And Trump has spent very little of the money he’s hauled in, with his committees entering the month of July with $102 million cash on hand, according to filings with the Federal Election Commission that the former president made public on Saturday evening.
The fundraising figures, along with the former president’s continued strong standing among Republican voters in public opinion polling, are signs of Trump’s continued popularity and sway within the GOP six months removed from the White House and come even without access to his once powerful pages on social media sites such as Twitter and Facebook.
The fundraising figures release comes as Trump remains intent on continuing to play a kingmaker’s role in party politics while he flirts repeatedly with another presidential run in 2024. Trump is sailing through unchartered waters as he continues to haul in big bucks – as he’s the first former president to raise such large sums of money after departing the White House.
Trump out-raised the GOP House and Senate reelection committees during the first six months of the year, and came close to matching the $85 million hauled in from January through June by the Republican National Committee, which was first reported by Fox News last month.
Trump’s team touted that the fundraising haul came from 3.2 million contributions, which the federal filing showed were divided among Save America – which at $62 million took in the bulk of the fundraising – the Make America Great Again PAC, as well as a separate joint fundraising committee.
Separately, the pro-Trump Make America Great Again Action super PAC, which was formed in the spring and is steered by top Trump adviser Corey Lewandowski, brought in just over $5 million.
The former president’s impressive haul comes as Trump – since losing last November’s election to now-President Biden – has repeatedly fed his supporters a regular diet of unsubstantiated claims that the election was “stolen” amid “massive” election fraud.
A statement from Trump’s Save America leadership PAC claimed that “these fundraising numbers, coupled with tremendous support in so many other ways, show that President Trump’s supporters want him to continue the fight for the America First Agenda and the truth in the 2020 elections.”
And the former president charged in a statement that “bringing the truth about the Rigged and Stolen 2020 election to light is critical to restoring faith in our election process and our country itself.”
Save America, like all leadership PACs, is allowed to accept donations up to $5,000 per year from contributors. But there are few restrictions on how the money can be spent, with plenty of flexibility to use the funds raised for travel and events, paying advisers salaries, going up with ads, or supporting other candidates. One of the few things Trump can’t do with the money raised by Save America is to use it to pay for another presidential campaign.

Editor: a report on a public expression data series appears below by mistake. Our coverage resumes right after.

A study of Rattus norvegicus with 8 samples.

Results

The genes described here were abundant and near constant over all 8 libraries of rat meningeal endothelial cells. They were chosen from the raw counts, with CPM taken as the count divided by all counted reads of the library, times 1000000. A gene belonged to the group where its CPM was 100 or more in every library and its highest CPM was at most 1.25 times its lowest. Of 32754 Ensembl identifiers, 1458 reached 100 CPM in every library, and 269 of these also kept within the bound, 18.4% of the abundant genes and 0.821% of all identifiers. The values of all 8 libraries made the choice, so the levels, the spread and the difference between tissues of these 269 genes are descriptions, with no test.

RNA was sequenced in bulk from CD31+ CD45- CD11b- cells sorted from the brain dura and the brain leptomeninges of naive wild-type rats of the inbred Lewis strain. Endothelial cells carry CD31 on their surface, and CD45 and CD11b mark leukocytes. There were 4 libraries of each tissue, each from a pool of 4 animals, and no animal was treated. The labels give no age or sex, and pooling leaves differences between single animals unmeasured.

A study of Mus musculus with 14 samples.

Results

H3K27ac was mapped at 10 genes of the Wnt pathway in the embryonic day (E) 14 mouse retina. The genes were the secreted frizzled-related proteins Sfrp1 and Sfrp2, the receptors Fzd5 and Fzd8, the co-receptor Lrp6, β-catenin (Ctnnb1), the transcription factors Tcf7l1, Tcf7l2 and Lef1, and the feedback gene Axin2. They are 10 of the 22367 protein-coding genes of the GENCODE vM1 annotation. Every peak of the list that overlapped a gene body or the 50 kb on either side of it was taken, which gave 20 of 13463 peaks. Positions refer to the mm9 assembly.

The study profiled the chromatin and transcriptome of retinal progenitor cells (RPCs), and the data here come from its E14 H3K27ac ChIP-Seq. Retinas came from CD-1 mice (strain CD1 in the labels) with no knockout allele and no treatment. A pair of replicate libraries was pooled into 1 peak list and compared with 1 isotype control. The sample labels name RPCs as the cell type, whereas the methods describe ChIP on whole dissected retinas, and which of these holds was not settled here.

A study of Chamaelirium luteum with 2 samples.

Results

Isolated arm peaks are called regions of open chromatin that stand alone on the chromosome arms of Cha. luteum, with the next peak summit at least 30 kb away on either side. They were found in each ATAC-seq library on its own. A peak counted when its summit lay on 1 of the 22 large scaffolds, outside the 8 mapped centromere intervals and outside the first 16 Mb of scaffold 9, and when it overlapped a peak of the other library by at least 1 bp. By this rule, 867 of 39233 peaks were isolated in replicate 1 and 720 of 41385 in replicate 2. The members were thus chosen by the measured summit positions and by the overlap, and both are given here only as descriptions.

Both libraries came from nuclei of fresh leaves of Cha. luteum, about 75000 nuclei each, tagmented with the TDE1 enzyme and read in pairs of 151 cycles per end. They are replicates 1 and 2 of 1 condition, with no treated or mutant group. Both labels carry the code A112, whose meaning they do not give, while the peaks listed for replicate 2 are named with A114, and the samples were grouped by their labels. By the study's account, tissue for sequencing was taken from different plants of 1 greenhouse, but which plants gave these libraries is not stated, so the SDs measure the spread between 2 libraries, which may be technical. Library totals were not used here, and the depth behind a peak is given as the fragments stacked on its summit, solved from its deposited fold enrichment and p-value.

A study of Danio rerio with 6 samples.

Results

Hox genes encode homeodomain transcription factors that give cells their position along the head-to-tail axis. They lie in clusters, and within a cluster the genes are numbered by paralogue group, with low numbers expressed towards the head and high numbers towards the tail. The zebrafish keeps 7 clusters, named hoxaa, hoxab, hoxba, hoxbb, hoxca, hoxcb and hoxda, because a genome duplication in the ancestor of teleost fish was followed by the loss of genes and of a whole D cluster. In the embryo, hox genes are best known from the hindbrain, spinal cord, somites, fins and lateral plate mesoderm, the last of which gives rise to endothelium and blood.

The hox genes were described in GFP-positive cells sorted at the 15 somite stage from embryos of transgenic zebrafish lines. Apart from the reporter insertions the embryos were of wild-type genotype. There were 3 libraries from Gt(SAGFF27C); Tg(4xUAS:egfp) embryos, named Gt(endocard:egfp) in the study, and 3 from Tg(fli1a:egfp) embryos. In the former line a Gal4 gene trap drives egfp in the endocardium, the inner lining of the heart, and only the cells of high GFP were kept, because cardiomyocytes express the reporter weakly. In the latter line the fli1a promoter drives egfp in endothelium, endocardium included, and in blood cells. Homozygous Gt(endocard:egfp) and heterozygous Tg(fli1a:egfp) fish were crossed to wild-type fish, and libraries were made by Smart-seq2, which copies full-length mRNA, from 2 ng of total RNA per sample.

Trump’s fundraising figures were first reported by Politico.
The former president’s headlining what’s being billed as a “sold out” fundraiser for the New York GOP on Thursday in Briarcliff Manor, New York.
A day earlier Trump’s expected at the prestigious Winged Foot Country Club in Mamaroneck, New York. Trump, a longtime member of the private club, is being honored by other members. The move is opposed by other members, and the planned gathering has created controversy amid national attention in recent days.
Pompeo stops in South Carolina
Former Secretary of State Mike Pompeo, a potential 2024 Republican White House contender, kept his focus on 2022 on Friday, during a stop in South Carolina, the third state – and first southern state – to vote in the Republican presidential nomination calendar.
Pointing to next year’s midterm elections, when the GOP aims to regain the House and Senate majorities from the Democrats, Pompeo said he’s “spending my time traveling around the country helping good commonsense conservatives get elected in 2022. That needs to be everyone’s focus.”
Pompeo made his comments in front of nearly 1,000 people as he headlined the South Carolina GOP’s 54th annual Silver Elephant dinner, a top fundraiser for the state party. Earlier in the day the former congressman from Kansas who served as CIA director under Trump before being confirmed as America’s top diplomat, stopped at the state party’s headquarters to endorse Republican Gov. Henry McMaster’s 2022 reelection bid.
Pompeo deflected questions about his own political future during a news conference.
Two weeks ago, during a stop in Iowa – the state whose caucuses kick off the nomination calendar – told Fox News “my wife and I will pray and we’ll think our way through it and when we hit 2023, we’ll figure our way through it.”
And if Trump follows through on his repeated flirtations and launches another White House run, Pompeo said “President Trump will do his thing… he’ll make his choice. We’ll do our bit…I’m going to stay in that fight and I’m confident that President Trump is going to stay in that fight too. Where that actually takes us in 2023 and 2024, we’ll all have to wait and see.”